A DISABLED man with severe brain damage says he would have lost more than £100 a month in benefits were it not for an under-threat Solihull charity.
Paul Chambers, 54, from Shirley, who also has epilepsy causing regular seizures, has issued a rallying call to others in his position to protest and save disabled charity DIAL.
The charity received funding as part of the long-standing Citizens Advice Solihull Borough (CASB) contract with the council – which has now been awarded to Age UK instead.
DIAL provides free information, advice and advocacy for disabled adults, children and their carers.
Mr Chambers says the service is vital to prevent ‘disability discrimination’ and helped him when he was not being provided the benefits he was entitled to.
Mr Chambers was diagnosed with epilepsy when he was 16 years old and had part of his brain removed when he was 22 in an effort to control the condition, which backfired.
At its most crippling, the condition can cause Mr Chambers to suffer three or four serious seizures a day which can result in injuries and falls.
He is heavily medicated and cannot drive or work.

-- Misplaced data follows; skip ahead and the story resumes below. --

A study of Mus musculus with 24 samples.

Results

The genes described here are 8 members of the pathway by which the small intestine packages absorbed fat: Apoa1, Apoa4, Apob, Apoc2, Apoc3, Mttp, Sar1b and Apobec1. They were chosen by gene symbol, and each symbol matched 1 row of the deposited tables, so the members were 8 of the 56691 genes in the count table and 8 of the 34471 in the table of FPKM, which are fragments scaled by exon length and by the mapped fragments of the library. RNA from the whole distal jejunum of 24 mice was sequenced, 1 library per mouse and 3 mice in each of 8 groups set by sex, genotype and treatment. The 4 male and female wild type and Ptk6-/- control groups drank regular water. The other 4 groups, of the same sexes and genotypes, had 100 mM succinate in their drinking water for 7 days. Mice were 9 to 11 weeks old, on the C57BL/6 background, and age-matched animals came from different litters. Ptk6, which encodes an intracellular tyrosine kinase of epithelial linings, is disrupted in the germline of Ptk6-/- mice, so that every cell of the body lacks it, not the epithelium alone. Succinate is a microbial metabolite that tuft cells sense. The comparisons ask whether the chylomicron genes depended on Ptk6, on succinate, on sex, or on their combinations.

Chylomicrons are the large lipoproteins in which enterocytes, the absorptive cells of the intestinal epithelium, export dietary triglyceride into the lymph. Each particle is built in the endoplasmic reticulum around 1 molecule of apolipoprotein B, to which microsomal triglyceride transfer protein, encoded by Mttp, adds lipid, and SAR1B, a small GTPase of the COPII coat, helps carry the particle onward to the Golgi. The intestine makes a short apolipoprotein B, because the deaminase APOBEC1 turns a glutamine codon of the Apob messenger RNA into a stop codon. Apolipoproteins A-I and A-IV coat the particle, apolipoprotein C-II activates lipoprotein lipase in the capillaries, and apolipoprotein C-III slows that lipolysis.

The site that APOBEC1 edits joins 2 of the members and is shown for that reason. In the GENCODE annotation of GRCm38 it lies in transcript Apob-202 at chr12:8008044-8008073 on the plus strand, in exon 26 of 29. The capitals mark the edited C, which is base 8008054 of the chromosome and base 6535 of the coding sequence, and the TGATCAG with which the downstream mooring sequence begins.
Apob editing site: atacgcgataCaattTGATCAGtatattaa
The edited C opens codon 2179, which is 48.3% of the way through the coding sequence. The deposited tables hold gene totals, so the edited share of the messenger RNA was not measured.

When he applied for his Personal Independence Payments (PIP) benefit, he claims errors were made in his claim after an assessment and face-to-face interview – in which he suffered a seizure.
He sought DIAL’s support after suspecting he was being underpaid and claims there were omissions in his report including hearing and communication difficulties.
He says DIAL’s chief executive Alice Singleton then confirmed the omissions and pursued an appeal on his behalf.
The appeal was settled before going to a hearing, he claims, and he was reimbursed and began to receive his appropriate payments.
DIAL bosses claim it has a 100 per cent record of success on appeal for benefit payments claims.
Mr Chambers said: “Without DIAL I would have been well underpaid. But DIAL could see the errors and they sorted it all out and arranged the calls.
“They did the lot. I didn’t have to do a thing.
“I spoke to people at the meeting (public meeting) who said they had been reimbursed quite a lot of money, so they have had the same problem.
“Companies do not have a clue about people’s conditions. They have got no health experience and getting things wrong with benefits.
“If DIAL go and we don’t save their offices, people are going to lose out on their benefits.”
A Department for Work and Pensions spokesperson said: “PIP looks at the way an individual’s health condition or disability impacts them on a daily basis.
“In November 2017 we updated our guidance, which increased entitlement for a number of claimants, particularly those with conditions such as epilepsy.
“We have now begun an administrative exercise to identify existing claimants who may be affected and may be entitled to more support under PIP.”